The appendix is not an essential organ, but it can cause people trouble if it becomes infected or inflamed. About 7 percent of the population will get appendicitis at some point in their life, according to the American Family Physician website. The appendix is a small tube, shaped like a finger, located between your large and small intestines. Children get appendicitis more often than adults do. Children and adults who may have appendicitis should immediately go to a doctor. If the appendix bursts, it spills bacteria into the abdominal cavity, causing peritonitis.
Abdominal pain near the belly button is a symptom of appendicitis. The pain gravitates to the right side. Sometimes putting pressure on the pain and removing the pressure will make the pain worse. You can test yourself or your child by pressing on the abdomen. If that area feels tender and becomes even more painful after you release the pressure, this indicates appendicitis pain, according to the Health Guidance website.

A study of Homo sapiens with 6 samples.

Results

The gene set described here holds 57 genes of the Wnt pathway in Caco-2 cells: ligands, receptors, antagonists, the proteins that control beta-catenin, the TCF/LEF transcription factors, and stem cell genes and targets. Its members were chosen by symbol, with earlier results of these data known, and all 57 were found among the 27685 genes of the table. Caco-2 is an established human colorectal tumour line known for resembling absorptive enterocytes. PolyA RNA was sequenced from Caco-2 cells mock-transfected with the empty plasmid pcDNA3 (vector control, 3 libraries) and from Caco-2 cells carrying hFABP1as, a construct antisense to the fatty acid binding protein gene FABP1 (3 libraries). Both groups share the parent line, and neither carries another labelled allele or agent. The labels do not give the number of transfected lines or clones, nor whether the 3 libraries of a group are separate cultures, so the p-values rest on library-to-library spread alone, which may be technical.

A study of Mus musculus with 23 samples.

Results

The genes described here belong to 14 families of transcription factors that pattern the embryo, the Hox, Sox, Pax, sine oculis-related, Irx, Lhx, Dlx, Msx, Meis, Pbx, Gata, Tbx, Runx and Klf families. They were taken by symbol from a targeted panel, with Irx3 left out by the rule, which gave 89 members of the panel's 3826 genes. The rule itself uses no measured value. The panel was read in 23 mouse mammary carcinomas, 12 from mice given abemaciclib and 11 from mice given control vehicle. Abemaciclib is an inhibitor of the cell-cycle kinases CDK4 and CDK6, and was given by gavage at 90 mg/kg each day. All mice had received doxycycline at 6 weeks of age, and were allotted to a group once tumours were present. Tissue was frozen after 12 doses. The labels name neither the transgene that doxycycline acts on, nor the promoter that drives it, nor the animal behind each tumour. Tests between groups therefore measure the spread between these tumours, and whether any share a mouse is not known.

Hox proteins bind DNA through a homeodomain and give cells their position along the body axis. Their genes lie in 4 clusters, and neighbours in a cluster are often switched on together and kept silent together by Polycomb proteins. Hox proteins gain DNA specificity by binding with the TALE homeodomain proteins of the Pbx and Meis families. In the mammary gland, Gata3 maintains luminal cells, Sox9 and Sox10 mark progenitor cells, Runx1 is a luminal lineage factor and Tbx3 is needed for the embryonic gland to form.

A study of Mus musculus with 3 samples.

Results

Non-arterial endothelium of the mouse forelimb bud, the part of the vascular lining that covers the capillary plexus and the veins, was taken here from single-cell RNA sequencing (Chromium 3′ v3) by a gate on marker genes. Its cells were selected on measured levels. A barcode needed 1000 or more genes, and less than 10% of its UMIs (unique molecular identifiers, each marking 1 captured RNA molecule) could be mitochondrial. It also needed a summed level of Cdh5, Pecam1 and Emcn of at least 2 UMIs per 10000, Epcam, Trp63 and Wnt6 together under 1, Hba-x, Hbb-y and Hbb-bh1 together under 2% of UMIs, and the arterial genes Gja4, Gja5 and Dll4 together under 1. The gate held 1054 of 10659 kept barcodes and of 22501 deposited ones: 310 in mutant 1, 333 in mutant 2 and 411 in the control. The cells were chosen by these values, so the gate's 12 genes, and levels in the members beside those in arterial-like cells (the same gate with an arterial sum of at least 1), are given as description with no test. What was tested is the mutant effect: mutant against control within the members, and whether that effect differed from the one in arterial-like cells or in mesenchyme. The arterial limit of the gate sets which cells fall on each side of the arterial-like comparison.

A low-grade fever of 100 to 101 F, combined with abdominal pain or tenderness, is a common symptom of appendicitis.
If you or your child does not have an appetite, is nauseous or is vomiting, this may be a sign of appendicitis.
Children who have appendicitis cannot control their bladder for very long and will frequently have to urinate.
If the appendix is infected and inflamed, you may see some swelling in the abdomen.
If moving around or coughing increases the pain, this may be a sign of appendicitis.
Pain in Thigh
Sometimes, people feel pain in the right thigh instead of in the abdomen, according to the American Family Physician website.
Infants and children may feel pain throughout their body, rather than having the pain confined to the abdominal area.